Johns Hopkins University

Fall 2008
Vol. 6, No.1


"First Steps" in China

Fulbright Scholars Around the Globe

Finding a New Way

>Big Crises, Big Questions

Sustainable Sea Change


A Conversation with James M. McPherson PhD '63


ast spring, Pulitzer Prize-winning historian James M. McPherson PhD '63 was honored with a Distinguished Alumnus Award from Johns Hopkins. His 1988 book Battle Cry of Freedom helped launch a renaissance of interest in the Civil War. In 2007, he was awarded the $100,000 Pritzker Military Library Literature Award for lifetime achievement in military history. Arts and Sciences Magazine caught up recently with McPherson, who is Princeton's George Henry Davis 1886 Professor of American History Emeritus, and asked him to do some reflecting.

You're known for making history accessible to the public. Why do you think you're good at that?
I think that actually goes back to my time at Hopkins. My mentor at Hopkins, C. Vann Woodward, was very much in the public eye, writing essays in the late 1950s and 1960s about the controversy over desegregation and civil rights. I was influenced by the way he could reach an audience beyond professional historians.

What sparked your interest in the Civil War?
During the beginning of the civil rights movement, in the late 1950s and 1960s, I was struck by the parallels to the events of a century earlier. Southern governors vowing resistance to federal law. Martin Luther King, Jr., demanding freedom now. So I got interested in what happened a century earlier. That became my dissertation and my first book: The Struggle for Equality: Abolitionists and the Negro in the Civil War and Reconstruction.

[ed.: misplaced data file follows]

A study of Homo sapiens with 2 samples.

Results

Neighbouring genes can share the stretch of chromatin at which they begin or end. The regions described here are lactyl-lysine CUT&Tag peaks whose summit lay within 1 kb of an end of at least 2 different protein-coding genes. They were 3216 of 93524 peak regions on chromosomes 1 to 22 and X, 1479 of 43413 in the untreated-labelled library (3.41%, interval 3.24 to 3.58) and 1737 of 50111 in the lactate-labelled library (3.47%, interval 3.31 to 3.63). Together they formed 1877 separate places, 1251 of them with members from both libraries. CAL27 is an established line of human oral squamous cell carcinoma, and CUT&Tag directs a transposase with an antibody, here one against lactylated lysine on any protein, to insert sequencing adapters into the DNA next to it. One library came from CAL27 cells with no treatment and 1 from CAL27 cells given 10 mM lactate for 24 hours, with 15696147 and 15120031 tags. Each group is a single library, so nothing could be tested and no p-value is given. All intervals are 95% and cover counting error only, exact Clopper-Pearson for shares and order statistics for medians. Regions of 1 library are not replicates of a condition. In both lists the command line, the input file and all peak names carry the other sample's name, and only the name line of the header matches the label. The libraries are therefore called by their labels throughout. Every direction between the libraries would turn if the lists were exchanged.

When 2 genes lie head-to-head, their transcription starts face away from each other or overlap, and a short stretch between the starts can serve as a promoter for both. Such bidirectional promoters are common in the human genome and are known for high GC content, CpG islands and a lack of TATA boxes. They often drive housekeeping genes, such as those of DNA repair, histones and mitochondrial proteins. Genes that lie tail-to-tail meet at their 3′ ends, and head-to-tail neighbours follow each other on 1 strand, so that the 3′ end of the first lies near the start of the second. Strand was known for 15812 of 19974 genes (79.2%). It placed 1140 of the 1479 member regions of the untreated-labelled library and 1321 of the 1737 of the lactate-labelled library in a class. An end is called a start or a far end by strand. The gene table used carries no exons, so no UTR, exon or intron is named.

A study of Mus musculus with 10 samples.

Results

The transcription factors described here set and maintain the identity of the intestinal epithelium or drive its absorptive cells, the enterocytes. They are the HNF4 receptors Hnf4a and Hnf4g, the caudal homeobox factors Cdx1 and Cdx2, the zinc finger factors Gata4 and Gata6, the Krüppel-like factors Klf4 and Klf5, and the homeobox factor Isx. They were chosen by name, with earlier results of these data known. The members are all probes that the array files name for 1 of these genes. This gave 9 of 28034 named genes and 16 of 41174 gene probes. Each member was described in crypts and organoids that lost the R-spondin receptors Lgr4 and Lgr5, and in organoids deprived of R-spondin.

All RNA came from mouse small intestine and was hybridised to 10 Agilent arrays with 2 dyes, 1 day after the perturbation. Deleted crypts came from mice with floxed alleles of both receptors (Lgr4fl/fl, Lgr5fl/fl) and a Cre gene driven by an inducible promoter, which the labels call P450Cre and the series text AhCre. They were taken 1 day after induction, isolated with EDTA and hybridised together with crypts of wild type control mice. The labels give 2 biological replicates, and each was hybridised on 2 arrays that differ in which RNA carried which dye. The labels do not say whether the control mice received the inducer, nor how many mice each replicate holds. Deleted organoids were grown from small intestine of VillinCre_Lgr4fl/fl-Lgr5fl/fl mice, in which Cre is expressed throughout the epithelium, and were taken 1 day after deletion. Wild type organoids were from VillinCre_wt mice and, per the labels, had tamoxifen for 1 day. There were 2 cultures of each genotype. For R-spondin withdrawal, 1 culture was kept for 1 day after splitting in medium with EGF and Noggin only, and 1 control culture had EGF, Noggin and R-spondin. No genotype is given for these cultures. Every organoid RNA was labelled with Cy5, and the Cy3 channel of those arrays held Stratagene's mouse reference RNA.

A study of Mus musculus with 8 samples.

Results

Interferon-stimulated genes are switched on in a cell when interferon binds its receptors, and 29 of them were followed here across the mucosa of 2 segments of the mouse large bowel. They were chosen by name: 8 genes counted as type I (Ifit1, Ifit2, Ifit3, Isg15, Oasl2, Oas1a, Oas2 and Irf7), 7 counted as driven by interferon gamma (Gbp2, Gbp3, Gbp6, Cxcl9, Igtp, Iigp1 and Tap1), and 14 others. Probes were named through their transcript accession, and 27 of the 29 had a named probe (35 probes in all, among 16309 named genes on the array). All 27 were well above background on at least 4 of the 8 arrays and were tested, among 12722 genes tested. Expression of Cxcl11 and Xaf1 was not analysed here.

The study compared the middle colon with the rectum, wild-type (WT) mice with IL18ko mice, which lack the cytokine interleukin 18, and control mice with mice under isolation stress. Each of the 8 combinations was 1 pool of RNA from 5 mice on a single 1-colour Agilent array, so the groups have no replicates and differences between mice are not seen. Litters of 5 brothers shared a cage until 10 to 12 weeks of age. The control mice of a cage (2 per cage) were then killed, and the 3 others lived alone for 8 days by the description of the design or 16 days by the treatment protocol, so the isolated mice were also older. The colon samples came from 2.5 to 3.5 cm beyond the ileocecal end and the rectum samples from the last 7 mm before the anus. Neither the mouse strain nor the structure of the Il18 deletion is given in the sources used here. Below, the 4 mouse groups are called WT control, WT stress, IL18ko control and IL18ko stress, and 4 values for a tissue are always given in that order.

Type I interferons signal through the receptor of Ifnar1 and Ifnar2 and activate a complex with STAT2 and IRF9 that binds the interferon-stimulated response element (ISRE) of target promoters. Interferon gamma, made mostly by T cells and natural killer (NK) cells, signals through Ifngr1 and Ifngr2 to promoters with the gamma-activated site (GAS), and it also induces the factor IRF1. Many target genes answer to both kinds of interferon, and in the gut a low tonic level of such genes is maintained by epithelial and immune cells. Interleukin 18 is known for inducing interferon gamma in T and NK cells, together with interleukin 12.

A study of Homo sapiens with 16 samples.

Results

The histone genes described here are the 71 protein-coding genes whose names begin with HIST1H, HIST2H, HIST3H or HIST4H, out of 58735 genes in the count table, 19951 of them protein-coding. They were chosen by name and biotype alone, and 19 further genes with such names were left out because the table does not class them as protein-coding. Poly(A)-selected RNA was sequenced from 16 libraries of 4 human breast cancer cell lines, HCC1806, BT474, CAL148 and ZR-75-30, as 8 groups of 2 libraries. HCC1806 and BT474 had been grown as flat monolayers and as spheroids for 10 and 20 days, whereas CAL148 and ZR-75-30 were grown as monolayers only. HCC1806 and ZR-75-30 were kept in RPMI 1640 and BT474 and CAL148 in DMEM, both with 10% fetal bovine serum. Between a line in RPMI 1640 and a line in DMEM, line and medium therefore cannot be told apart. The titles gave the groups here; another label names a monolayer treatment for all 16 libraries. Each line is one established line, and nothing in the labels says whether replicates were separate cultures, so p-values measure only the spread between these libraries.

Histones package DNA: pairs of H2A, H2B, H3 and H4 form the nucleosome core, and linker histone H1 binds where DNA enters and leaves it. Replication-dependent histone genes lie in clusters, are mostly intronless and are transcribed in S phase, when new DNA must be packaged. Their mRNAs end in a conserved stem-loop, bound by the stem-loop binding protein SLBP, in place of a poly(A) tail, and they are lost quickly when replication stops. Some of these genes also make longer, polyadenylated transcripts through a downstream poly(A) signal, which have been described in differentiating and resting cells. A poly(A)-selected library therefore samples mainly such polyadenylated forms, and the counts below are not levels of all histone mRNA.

Your newest book, Tried by War: Abraham Lincoln as Commander in Chief, is due out this month. What do you want readers to gain from it?
An understanding of the difficulties Lincoln faced as commander in chief, sometimes unsuccessfully, but in the end successfully: His side won the war. He exceeded the learning curve with no experience or training. It was a steep curve. And it turned out to be a huge war, and he came out on top. That's the story I'm trying to tell.

You've written 18 books on the Civil War. What's left that you haven't covered?
I have committed to writing a book on the naval war, which will be part of a series by a dozen historians. I've done some sailing myself and know a little about boats and ships, and I'm looking forward to learning more.

"One lesson [from the Civil War] is to try to deal with problems before they become so huge they cannot be solved."
—James M. McPherson

What lessons can we take away from the Civil War?
I've often been asked that and never quite known how to answer it. One lesson is to try to deal with problems before they become so huge they cannot be solved. In the case of the Civil War, there were clear signs in the 1850s that the country was on a collision course—actual fistfights and threatened shootings on the floor of Congress between Northern and Southern representatives—but there was no effective leadership to deal with it. Maybe some questions cannot be solved by compromise or peaceful negotiations, but war is a last resort.

It's been 20 years since Battle Cry of Freedom and Ken Burns' documentary renewed interest in the Civil War, yet thousands of Americans continue to visit Civil War battlegrounds and memorials. What has kept interest alive?
One thing is the Civil War's relevance to contemporary issues—states' rights vs. a powerful federal government, race relations, regionalism. The larger-than-life images of some of the war's leading figures—Lincoln, Sherman, Lee, Grant, "Stonewall" Jackson—also continue to fascinate.

If you hadn't focused on the Civil War, what would you have studied?
I think it would be the 1930s and 1940s and the dual crises of the Great Depression and World War II. I guess I'm attracted to big crises and big questions.